What Trading On WTO Rules Actually Means: An Expert's Alarming Explanation
25 July 2018, 12:52
After this expert told James O'Brien exactly what would happen if Britain starts trading under WTO rules, his response was really concerning.
"I knew this wasn't going to be pretty," he said, "but I didn't think it was going to be this ugly."
Bryce Baschuk, a Bloomberg Correspondent writing specifically about the World Trade Organisation, explained the process for trading on WTO, which Britain would need to do if we leave the EU without a trade deal.
Leading Brexiteers insist that this would be an opportunity for the country, as many countries already trade on these rules with no problem.
But Bryce explained how it would work - and as James says, it isn't pretty.
Describing the positives of WTO rules, he said: "Ideally, the UK would be able to strike new free trade deals with countries such as the US that it believes it wouldn't be able to do with the European Union.
"In addition, it would have the freedom to not be beholden to the European Court of Justice and have more independence or sovereignty over its trading relations."
But the method of getting there seems particularly difficult.
Yesterday, both the UK and the EU filed documents in Geneva outlining the terms they will use to trade with the rest of the world after Brexit - and the two submissions are fundamentally different.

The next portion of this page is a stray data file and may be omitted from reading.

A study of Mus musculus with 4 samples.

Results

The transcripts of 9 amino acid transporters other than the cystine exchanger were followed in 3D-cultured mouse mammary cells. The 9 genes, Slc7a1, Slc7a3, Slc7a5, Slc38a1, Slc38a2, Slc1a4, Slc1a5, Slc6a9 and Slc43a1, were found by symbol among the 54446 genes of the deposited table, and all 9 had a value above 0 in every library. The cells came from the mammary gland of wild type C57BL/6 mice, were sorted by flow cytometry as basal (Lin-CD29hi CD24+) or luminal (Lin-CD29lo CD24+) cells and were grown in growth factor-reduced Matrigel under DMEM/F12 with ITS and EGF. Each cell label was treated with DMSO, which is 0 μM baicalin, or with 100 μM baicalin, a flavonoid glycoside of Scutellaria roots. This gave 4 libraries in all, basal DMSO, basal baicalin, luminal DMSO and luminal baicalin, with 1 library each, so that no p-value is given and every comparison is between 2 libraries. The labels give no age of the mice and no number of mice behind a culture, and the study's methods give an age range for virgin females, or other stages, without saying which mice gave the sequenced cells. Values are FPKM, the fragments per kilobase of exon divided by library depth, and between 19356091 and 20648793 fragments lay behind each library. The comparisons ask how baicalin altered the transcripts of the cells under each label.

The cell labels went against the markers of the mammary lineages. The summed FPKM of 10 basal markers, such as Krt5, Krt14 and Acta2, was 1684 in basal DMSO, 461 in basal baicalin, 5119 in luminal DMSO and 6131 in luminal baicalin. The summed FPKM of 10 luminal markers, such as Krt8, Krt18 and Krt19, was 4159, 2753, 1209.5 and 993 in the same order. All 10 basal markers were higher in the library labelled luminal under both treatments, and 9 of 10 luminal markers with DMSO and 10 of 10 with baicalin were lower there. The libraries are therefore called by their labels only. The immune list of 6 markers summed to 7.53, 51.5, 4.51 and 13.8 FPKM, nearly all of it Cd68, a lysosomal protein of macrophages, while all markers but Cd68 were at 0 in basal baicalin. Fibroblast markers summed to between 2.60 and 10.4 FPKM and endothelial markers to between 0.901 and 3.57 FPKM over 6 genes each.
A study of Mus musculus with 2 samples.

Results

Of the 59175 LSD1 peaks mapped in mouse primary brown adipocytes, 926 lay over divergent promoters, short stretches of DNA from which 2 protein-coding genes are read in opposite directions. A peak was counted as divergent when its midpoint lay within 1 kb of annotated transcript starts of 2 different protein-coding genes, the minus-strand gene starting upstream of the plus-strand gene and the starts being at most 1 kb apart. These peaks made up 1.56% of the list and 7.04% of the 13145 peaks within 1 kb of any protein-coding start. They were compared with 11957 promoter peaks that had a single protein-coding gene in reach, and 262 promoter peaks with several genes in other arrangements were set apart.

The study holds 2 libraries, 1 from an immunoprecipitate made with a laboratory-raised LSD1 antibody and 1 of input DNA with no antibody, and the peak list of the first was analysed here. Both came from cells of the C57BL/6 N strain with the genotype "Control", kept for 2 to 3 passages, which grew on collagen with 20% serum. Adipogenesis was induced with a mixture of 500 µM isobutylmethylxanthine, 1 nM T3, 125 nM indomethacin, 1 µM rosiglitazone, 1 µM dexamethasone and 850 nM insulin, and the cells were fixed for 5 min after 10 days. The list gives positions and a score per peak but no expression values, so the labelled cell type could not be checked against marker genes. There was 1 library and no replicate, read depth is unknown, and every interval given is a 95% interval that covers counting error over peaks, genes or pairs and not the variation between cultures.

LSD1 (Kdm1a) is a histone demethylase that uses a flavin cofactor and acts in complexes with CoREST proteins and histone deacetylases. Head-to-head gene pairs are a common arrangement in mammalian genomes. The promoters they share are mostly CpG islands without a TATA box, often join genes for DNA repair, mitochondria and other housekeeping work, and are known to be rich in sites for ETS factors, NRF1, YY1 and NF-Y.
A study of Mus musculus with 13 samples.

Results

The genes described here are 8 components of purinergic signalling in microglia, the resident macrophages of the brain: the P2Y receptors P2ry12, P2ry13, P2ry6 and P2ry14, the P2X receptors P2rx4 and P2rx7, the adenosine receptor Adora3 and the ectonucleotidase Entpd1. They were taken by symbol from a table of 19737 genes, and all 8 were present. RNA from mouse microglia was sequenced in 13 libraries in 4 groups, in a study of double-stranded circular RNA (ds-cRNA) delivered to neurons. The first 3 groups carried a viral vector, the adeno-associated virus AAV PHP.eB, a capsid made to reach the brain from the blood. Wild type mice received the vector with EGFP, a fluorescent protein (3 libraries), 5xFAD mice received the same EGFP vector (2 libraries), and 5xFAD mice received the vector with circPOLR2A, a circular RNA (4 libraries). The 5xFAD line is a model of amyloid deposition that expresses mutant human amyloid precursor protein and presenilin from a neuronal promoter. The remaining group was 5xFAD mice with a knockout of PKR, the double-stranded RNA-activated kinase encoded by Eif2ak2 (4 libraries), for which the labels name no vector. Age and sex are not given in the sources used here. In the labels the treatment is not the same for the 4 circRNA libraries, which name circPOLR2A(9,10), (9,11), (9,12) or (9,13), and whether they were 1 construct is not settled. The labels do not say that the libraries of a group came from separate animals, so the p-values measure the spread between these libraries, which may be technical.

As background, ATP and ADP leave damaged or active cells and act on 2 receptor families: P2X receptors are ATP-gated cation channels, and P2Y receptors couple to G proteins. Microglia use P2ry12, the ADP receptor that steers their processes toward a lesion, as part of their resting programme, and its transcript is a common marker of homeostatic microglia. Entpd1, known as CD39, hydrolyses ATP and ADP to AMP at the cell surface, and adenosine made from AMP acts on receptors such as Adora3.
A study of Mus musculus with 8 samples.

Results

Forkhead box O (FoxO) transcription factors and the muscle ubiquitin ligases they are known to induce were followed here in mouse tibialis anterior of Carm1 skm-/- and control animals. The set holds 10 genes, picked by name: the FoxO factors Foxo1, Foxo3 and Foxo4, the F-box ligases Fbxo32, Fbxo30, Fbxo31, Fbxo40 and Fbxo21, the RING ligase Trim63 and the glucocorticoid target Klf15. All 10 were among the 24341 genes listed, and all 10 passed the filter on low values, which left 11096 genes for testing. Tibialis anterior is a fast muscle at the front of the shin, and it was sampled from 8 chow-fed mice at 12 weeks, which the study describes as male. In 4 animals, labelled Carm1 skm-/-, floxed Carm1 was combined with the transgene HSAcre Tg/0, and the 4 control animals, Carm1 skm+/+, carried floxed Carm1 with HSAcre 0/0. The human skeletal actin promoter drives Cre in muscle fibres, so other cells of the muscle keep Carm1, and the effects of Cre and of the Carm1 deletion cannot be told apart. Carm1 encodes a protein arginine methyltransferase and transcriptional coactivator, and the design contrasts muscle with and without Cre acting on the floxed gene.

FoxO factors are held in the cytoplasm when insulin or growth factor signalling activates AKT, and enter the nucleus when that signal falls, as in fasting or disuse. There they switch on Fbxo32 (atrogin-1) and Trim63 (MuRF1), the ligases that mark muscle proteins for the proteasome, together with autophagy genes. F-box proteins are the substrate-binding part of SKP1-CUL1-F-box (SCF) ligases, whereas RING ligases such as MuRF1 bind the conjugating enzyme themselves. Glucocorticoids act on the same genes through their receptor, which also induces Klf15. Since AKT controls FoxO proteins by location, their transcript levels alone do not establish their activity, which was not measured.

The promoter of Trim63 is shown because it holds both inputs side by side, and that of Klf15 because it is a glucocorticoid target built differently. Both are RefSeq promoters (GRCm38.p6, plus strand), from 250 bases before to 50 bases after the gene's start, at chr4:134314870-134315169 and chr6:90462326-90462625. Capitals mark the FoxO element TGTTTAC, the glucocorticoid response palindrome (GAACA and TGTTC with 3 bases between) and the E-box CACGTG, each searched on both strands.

Bryce explains: "The UK is currently a WTO member in its own right. The issue is it does not have an independent schedule of concessions for the WTO - that's the menu upon which Britain trades with the rest of the world.
"It needs to have that if it's going to strike trade deals. And the way that its approach is different from that of the EU is the UK wants to replicate its current trade WTO commitments by making just a few technical changes and then submitting it to the WTO for certification."
The problem is that the UK's terms at the WTO are enshrined in our membership of the EU, so this approach seems optimistic as our market will be smaller than the EU's market.
He continued: "The rest of the WTO membership now have 90 days to raise their objections. As WTO members, everyone has a right to say whether their trade would be affected. I'm told several major countries are already planning to object to the UK's approach.
"The US, Brazil and New Zealand have already said they don't agree to the UK's plan. A major sticking point for them is the fact that the EU and the UK share a quota system that limits imports of sensitive goods like beef, lamb and sugar. The UK cannot simply replicate these quotas and has proposed to split them with the EU based on historical trade flows."
All of this means that if and when they object and ask for a better deal, Britain will be simultaneously be negotiating a trade deal with the EU and the WTO.
Of trading with the WTO countries, Bryce warns: "There are no sharks in Lake Geneva, but the WTO is full of them. They smell blood in the water and they're going to demand their pound of flesh."